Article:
There have been so many news stories on the opioid addiction crisis in New England. The statistics. The overdoses. The deaths.
The reality is staggering.
But the terms "opioid crisis" and "addiction epidemic" don't resonate.
As a journalist, I've seen the incredible impact this issue has had on our communities, and I wanted to present it in a way that everyone could access and “feel.” As a parent, I am frightened.
That's why it is so important not only to confront this story, but also to approach it in a different way.
One focus of "Overdosed: New England Fights Back" is on those suffering from what is now more commonly called "substance use disorder." The other core element is the response to the problem.
There has been a shift. Police are approaching addicts as individuals who need help, rather than criminals. Doctors are re-thinking their approach to care. Recovery units are now offering more than just a bed.
In-depth news coverage of the Greater Boston Area.
Because nothing has been working. The drugs get stronger and the overdose statistics are increasingly overwhelming.
Yes, overdose deaths may seem to be slightly down, or at least at a plateau, however, that is likely skewed by the increased distribution of the overdose reversing drug, Narcan. Police carry it. Schools -- including high schools and even middle schools -- have it. And there are dozens of other ways people can now get their hands on it to save a life.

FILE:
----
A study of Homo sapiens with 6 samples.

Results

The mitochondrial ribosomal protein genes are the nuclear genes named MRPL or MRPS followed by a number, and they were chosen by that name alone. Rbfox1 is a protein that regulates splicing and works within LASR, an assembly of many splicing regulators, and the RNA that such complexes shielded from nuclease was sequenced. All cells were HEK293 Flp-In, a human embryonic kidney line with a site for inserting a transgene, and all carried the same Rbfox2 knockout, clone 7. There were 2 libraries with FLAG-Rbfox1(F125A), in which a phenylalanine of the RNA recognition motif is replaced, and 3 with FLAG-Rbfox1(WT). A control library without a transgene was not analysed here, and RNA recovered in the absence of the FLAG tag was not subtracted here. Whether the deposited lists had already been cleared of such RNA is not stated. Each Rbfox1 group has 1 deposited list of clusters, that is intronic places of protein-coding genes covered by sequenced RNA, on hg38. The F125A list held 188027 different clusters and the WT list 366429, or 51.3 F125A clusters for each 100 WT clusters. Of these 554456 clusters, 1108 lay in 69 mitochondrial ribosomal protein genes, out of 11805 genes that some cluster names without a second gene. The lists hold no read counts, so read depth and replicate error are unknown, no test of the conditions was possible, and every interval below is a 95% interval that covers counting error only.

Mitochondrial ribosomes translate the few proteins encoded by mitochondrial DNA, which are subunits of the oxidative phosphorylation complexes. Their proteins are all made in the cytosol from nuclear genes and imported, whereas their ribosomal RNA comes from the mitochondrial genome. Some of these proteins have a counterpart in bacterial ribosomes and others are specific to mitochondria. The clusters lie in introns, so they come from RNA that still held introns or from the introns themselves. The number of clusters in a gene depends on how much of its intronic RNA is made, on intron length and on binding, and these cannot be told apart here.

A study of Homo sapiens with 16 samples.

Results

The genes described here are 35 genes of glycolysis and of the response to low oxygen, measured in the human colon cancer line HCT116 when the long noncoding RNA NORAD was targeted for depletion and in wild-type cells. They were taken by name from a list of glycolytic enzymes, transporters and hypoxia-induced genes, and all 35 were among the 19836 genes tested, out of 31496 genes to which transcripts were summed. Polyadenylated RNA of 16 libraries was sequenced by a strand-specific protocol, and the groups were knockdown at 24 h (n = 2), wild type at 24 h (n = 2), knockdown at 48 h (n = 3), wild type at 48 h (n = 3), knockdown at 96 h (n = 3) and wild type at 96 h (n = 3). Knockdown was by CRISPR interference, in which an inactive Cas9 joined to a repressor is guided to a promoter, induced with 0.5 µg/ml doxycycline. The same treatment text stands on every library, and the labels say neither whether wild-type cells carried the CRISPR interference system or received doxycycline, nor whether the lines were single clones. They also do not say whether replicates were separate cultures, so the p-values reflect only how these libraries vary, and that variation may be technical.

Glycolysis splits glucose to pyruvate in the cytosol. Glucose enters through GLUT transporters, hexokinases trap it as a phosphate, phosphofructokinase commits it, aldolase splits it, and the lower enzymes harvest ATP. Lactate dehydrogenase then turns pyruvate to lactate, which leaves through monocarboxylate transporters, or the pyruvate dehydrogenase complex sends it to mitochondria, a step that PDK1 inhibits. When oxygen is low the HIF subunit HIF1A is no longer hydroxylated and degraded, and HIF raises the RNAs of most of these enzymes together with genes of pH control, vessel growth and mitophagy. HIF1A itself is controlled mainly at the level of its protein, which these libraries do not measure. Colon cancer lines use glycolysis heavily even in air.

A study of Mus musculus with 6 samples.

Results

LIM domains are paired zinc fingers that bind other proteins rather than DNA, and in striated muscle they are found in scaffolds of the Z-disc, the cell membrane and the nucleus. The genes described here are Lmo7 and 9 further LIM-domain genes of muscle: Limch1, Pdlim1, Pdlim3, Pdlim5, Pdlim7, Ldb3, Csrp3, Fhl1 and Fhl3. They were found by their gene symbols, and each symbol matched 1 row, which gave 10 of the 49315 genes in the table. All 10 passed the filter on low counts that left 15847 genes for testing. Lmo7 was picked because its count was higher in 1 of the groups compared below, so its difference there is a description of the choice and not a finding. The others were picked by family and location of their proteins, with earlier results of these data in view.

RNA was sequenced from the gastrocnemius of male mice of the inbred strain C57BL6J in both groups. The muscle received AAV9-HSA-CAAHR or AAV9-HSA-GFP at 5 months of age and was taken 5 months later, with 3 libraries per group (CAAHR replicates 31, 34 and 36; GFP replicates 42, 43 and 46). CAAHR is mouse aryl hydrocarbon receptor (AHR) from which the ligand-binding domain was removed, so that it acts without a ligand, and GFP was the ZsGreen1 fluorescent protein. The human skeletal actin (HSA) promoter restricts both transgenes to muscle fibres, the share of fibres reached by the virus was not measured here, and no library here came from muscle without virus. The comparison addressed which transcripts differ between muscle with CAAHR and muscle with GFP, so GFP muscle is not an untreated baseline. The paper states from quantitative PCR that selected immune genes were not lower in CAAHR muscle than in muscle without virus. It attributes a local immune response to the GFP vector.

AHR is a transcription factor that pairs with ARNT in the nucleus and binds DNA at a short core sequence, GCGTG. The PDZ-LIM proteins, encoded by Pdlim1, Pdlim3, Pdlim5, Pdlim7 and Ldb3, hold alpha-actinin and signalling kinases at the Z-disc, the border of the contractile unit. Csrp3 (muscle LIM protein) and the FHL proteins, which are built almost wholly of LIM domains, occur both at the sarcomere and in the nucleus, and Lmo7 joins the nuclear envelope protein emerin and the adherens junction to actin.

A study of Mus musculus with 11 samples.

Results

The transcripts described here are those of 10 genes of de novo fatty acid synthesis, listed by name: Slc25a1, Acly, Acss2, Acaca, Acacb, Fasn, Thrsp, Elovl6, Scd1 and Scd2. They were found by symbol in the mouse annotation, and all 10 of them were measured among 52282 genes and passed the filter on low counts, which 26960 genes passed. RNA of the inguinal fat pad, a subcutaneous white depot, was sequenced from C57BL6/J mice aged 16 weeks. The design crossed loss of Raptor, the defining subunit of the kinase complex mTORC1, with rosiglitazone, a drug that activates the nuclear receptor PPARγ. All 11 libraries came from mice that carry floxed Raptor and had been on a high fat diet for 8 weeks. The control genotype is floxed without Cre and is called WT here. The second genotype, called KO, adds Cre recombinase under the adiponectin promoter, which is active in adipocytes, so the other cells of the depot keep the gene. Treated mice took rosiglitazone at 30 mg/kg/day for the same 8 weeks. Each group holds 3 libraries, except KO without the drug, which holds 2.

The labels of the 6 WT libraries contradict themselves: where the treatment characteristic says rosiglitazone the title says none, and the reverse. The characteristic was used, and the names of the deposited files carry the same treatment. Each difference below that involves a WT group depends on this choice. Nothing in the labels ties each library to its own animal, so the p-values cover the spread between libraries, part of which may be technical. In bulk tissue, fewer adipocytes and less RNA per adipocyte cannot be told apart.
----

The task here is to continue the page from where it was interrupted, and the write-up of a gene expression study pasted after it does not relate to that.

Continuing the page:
Saving a life means one more opportunity to get clean and sober, one more chance to survive. That's important because one thing I learned all too clearly in reporting on this topic: It takes multiple trips through recovery before it sticks.
We spoke to addicts and those in recovery – for hours.
They, too, notice the shift.
"When you're on the street and you're on drugs, you feel like nobody cares, like nobody gives a [expletive], they're people on phones," said a young man we met in detox who we will simply refer to as Matt. " Sadly to say, this being my third time here, it kind of feels good that I actually could build a couple of connections and not be embarrassed to make a call like I need help, (that) I need a bed or I am going to die."
Those candid comments came from almost everyone we spoke to for this story. The reason is simple: Once many of these individuals have experienced the depths of addiction, they often stop screening themselves when discussing their reality.
Their comments are striking in their honesty, yet also express the incredible vulnerability of someone trying to overcome addiction.
Every day is a struggle for many of them. That is not hyperbole. That is their reality.